Drone drops drugs into jail yard in US, sparks fight among prisoners
Prison authorities in the US state of Ohio have seen drones hovering over jail yards before but the latest incident when it became a high-flying drug mule, wardens had to use pepper spray to tackle inmates who clashed for a packet dropped by the unmanned aerial vehicle.
New York: Prison authorities in the US state of Ohio have seen drones hovering over jail yards before but the latest incident when it became a high-flying drug mule, wardens had to use pepper spray to tackle inmates who clashed for a packet dropped by the unmanned aerial vehicle.
Officers rushed into the north yard of Mansfield Correctional Institution in Mansfield, Ohio, last week after noticing 75 inmates gathering and a fight breaking out, according to an incident report from the Ohio Department of Rehabilitation and Correction.
Authorities later reviewed surveillance tapes and found that a drone had flown over the yard and dropped a package.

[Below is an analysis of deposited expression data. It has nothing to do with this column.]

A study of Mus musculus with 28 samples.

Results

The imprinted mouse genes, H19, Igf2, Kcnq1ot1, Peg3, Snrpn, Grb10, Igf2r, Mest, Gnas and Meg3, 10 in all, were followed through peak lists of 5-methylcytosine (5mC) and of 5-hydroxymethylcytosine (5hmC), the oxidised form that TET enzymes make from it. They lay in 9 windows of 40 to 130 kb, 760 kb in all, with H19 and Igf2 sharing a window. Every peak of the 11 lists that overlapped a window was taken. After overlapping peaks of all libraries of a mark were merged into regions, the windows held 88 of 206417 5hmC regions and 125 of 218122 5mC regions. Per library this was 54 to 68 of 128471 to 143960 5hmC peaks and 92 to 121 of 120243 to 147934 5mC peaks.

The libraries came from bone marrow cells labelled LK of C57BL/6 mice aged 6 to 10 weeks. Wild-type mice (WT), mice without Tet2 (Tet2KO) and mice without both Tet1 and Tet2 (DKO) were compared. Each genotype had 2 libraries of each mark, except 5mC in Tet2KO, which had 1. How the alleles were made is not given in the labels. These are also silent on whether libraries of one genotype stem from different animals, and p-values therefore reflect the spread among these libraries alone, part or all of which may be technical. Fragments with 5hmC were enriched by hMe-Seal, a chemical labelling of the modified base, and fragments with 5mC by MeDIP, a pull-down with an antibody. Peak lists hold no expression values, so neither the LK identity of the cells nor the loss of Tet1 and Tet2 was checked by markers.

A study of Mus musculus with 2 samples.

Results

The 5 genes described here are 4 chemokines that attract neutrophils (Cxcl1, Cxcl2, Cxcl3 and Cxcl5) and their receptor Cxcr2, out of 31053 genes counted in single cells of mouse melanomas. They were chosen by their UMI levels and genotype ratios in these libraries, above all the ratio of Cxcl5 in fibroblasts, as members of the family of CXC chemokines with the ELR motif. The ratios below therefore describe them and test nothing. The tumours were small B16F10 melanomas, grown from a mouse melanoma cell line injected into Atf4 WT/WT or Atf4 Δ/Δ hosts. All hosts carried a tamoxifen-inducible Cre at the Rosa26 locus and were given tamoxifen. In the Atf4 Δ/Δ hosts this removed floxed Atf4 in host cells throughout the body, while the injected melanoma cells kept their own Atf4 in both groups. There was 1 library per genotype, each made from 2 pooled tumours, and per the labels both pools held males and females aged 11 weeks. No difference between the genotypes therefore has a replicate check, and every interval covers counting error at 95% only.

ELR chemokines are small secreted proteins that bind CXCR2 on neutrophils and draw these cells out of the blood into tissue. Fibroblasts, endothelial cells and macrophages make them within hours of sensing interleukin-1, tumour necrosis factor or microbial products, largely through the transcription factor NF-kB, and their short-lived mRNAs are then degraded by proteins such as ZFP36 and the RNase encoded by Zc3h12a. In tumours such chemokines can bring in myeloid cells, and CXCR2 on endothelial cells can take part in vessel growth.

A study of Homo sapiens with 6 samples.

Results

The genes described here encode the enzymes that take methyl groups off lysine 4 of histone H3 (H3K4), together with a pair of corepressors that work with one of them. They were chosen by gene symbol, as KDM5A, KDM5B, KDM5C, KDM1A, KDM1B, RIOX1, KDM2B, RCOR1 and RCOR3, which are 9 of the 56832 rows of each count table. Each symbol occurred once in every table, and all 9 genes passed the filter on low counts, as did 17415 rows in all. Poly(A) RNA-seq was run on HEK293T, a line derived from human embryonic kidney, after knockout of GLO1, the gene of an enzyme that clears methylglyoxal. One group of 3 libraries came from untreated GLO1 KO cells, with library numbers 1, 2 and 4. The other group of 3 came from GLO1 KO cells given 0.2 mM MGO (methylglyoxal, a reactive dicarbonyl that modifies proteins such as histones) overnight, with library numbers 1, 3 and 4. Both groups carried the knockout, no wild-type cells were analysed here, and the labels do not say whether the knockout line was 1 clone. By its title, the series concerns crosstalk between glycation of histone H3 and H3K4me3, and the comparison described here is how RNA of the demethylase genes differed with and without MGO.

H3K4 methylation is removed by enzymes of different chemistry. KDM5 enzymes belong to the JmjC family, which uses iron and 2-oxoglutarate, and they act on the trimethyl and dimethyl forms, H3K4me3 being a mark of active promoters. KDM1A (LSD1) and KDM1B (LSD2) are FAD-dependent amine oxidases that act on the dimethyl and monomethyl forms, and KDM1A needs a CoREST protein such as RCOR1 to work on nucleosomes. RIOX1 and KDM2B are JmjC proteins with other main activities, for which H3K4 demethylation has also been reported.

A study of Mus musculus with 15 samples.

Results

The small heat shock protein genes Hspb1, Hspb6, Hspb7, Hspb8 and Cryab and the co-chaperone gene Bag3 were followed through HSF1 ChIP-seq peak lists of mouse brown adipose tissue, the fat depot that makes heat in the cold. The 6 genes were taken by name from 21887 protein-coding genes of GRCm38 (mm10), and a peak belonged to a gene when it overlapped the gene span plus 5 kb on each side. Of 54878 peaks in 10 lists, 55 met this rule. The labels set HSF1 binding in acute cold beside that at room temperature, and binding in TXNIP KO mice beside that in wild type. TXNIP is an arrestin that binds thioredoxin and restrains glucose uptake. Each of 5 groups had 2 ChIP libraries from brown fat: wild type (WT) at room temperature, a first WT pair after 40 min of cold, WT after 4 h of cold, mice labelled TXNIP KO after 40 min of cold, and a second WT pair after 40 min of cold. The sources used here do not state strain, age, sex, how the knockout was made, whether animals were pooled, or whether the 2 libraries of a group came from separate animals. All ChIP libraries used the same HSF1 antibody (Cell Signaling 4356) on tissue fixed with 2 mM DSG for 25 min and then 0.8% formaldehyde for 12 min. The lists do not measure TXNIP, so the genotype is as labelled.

Inmates were able to get their hands on the delivery containing 144.5 grams of tobacco, 65.4 grams of marijuana and 6.6 grams of heroin before the fight ensued and the package was thrown into the prison's south yard, the incident report said.
Officers had to use pepper spray to get the situation under control, The Columbus Dispatch reported. Inmates were later strip-searched before being allowed to return to their cells.
Nine inmates were placed in solitary confinement following the incident on July 29.
Authorities later found the package in an equipment room in the southern part of the facility, the report says.
This is not the first time an Ohio prison has had an incident with unmanned aerial vehicles, according to Ohio Department of Rehabilitation and Corrections spokeswoman JoEllen Smith. She declined to elaborate further because of a potential security risk.
Ohio authorities are now on the lookout for more attempts to use drones to smuggle drugs over prison walls and into inmates hands.
"It's something we're certainly aware of," Smith said. "We're taking a broad approach to increasing staff awareness and detection," CNN quoted her as saying.